Decades After 'I Am Woman,' No Single Song Has Emerged as the Next Female Anthem


What ever happened to the female anthem? It's been decades since women united behind a single female anthem celebrating our strength, determination, individuality, and self-worth.

From Helen Reddy...

The over-40 crowd associates the term 'female anthem' with I Am Woman, co-written by Helen Reddy in 1972. A tribute to the women's movement of the seventies, I Am Woman earned Reddy a Grammy for Female Pop Vocal Performance and remains the most overtly feminist song ever to hit the pop music charts.

The lyrics reflect the emerging consciousness of the times:

I am woman, hear me roar
In numbers too big to ignore
And I know too much to go back and pretend
'Cause I've heard it all before
And I've been down there on the floor
No one's ever gonna keep me down again
Oh yes, I am wise
But it's wisdom born of pain
Yes, I've paid the price
But look how much I gained
If I have to
I can do anything
I am strong
I am invincible
I am woman
In the decades since the release of I Am Woman, both the women's movement and the music industry have come upon hard times. Both have splintered, become fragmented, and lost ground. Though women's issues still revolve around many of the same themes, artists and audiences have shifted away from the idea of a single, all-encompassing 'female' viewpoint.

...To Shakira

Nowadays, few women identify themselves as feminists. Yet several of the top female artists performing today embrace that term. More subtle than Reddy's full-frontal declaration of fierce independence, these artists promote empowerment through songs that encourage women to own their sexuality, expect men to treat them right, and embrace their personal worth and value.

One self-declared 'die-hard feminist' is Shakira, who in 2009 released She Wolf, described by Rolling Stone magazine as an album "largely about the difficulty of women satisfying themselves in a world where men are in charge." As Shakira explained in her interview with Rolling Stone, "We live in a society that represses women's subconscious dreams....You know, women have to make enormous efforts through life, much bigger than men." The album's title song centers on a woman driven to fulfill her sexual needs, likening her urges to a "she wolf in the closet, open up and set her free."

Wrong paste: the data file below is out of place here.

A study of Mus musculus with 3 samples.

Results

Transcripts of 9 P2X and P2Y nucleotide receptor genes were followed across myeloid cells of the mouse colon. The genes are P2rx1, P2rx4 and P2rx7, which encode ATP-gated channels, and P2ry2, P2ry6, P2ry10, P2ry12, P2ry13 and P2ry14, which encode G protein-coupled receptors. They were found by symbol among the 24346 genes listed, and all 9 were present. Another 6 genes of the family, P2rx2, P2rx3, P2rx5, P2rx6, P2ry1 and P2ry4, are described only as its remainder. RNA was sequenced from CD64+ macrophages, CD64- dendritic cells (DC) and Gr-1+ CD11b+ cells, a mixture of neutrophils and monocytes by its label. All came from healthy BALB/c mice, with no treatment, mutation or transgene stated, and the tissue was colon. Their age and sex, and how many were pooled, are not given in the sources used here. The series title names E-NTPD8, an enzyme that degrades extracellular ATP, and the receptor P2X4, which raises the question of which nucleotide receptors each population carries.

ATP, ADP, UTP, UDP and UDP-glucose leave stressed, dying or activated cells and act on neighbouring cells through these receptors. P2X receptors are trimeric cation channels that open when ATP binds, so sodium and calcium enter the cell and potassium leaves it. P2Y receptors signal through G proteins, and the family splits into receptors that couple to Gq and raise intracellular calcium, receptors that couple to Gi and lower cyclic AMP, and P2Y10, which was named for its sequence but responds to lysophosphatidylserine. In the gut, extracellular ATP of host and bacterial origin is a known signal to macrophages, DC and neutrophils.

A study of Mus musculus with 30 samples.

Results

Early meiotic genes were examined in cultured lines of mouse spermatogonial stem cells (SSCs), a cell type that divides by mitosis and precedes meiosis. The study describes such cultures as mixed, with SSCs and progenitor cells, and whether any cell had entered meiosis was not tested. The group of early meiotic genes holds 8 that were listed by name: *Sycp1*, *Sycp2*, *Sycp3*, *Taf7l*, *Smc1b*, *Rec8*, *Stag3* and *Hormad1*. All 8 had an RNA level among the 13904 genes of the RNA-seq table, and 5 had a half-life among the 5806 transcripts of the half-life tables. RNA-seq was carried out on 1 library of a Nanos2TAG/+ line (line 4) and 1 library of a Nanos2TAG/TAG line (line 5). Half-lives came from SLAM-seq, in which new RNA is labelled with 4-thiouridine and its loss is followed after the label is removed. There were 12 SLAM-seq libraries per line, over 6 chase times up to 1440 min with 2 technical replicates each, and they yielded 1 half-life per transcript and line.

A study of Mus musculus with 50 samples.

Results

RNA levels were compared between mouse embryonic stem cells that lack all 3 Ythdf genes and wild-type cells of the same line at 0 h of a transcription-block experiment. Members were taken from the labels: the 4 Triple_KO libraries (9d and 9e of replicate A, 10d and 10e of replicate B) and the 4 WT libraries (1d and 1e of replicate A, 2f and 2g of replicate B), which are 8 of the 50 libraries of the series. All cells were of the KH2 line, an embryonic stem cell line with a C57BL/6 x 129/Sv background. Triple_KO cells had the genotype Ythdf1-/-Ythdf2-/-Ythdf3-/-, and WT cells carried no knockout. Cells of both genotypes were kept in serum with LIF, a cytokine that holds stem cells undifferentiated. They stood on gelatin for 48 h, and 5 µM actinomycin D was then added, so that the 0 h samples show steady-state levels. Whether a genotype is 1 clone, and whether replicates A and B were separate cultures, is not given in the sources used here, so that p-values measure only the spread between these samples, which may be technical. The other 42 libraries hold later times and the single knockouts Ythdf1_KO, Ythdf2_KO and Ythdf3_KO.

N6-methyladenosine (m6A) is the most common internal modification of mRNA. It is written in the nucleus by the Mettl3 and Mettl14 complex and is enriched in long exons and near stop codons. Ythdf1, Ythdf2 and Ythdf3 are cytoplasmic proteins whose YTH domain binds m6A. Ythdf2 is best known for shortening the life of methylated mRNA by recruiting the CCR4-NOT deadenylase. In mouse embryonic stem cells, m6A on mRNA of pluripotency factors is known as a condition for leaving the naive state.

From Pat Benatar...

Women's sexual and social power is a common theme that has evolved since the women's movement of the 70s.

Rather than singing about the broader challenge of being a woman as Reddy did, female artists have focused on the personal narrative with songs that acknowledge a woman's self -worth while telling a lover not to take her for granted.

In 1980, rocker Pat Benatar released Treat Me Right and sang:

One of these days you're gonna reach out and find
The one that you count on has left you behind....
Treat me right
Open your eyes, maybe you'll see the light.
By the mid-80s, a string of hit singles and albums established Benatar as a feminist icon..

...To Liz Phair

Another female performer to take up the feminist mantle was Liz Phair, whose 1993 release Exile in Guyville recognized that the future of feminism lay not in complaining about the gender gap but in revealing the inequities of male-female relationships. Although some critics felt Phair "got increasingly poppy and increasingly soppy" on subsequent albums, a decade later on the self-titled Liz Phair, she continued to explore self-realization in the context of relationships. In the hit single Extraordinary, a woman's determination to make a man fall in love with her falters when she realizes he isn't worth it:

See me jump through hoops for you
You stand there watching me performing....
Who the hell are you?
I am extraordinary, if you'd ever get to know me...
I am just your ordinary
Average everyday sane psycho supergoddess.

...And Hip Hop's 'Queen'

Rock was not the only genre influenced by feminism. As hip hop and rap evolved and challenged rock's dominance in the music industry, emerging women's voices expressed socially conscious viewpoints. One of them was 19-year-old Queen Latifah whose 1989 debut album, All Hail the Queen, included the feminist anthem Ladies First (featuring Monie Love):

I break into a lyrical freestyle
Grab the mic, look into the crowd and see smiles
Cause they see a woman standing up on her own two....
Some think that we can't flow
Stereotypes, they got to go....
Who said the ladies couldn't make it, you must be blind
If you don't believe, well here, listen to this rhyme.
Page 2: Will Beyonce Be Next to Claim the Female Anthem Title?